Peyton Walton of Poolesville was diagnosed with Undifferentiated Embryonal Sarcoma, a rare form of liver cancer, in late June. Doctors told the 10-year-old girl she’d have a 30 to 50 percent chance of survival.

“I wanted whatever time she had to be as full as possible,” Lynn Schaeber, Peyton’s mother, said.

A parent at Peyton’s former New Jersey school told Schaeber about Cisco’s video conferencing technology. Then she found out about Double Robotics, a company that makes an iPad-based telepresence robot called Double.

And those discoveries became Peyton’s robot, who is rolling around Poolesville Elementary School. The robot is named PAVS, which stands for Peyton’s Awesome Virtual Self.

As Peyton's teacher raised her fist to the iPad screen, you see Peyton doing the same from her New York hospital room.

The robot is no bigger than a teacher sitting down. But to Peyton’s mother, the size of its impact can not be overstated. 

“Huge because you know, to find yourself as a 10-year-old through an illness is very difficult,” said Schaeber.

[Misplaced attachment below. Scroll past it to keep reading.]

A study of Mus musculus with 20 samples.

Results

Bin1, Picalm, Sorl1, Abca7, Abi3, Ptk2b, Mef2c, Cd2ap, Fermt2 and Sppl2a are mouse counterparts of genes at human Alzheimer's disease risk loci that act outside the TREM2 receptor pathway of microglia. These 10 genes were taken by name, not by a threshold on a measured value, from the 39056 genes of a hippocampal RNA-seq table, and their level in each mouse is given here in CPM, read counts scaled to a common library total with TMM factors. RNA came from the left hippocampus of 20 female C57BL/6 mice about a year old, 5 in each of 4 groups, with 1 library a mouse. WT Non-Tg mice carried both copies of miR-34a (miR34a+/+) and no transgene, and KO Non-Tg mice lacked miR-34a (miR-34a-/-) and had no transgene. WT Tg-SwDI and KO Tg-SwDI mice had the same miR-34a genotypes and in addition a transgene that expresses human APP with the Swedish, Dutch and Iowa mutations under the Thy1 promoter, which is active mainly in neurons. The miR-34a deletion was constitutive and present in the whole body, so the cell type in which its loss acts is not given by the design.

Schaeber told WUSA9 the robot allowed her daughter to keep some sense of normalcy as she underwent a very difficult time. Peyton was able to keep her connections and enjoy what she loves most, friends and school.

The 10-year-old not only underwent radiation, she also underwent about six weeks of Chemotherapy to fight her cancer.

Doctors will still need to perform tests and she’ll need medical treatment for the rest of her life. Still, the 10-year-old is now feeling strong enough to slowly get back into the classroom.

“When she had just received punctures and you know, really terrible drugs into her body but that she would still do that and be excited to go to reading class, it totally changed how her treatment progressed and her outlook and her prognosis. I think really changed her prognosis,” Schaeber said.

Both of Peyton’s schools fundraised to get the Cisco conferencing technology and Double robot. Double Robotics sells the iPad based robot for about $3,000.

It’s something Schaeber hopes more students fighting cancer can have access to and told WUSA9 she’s now drafting legislation she wants to propose, to do just that.

Schaeber told WUSA9 even though this technology is used almost daily and has been around for a few years, Peyton is the first student in the state of Maryland to use it. There have been one or two more since, Peyton’s mom tells WUSA9.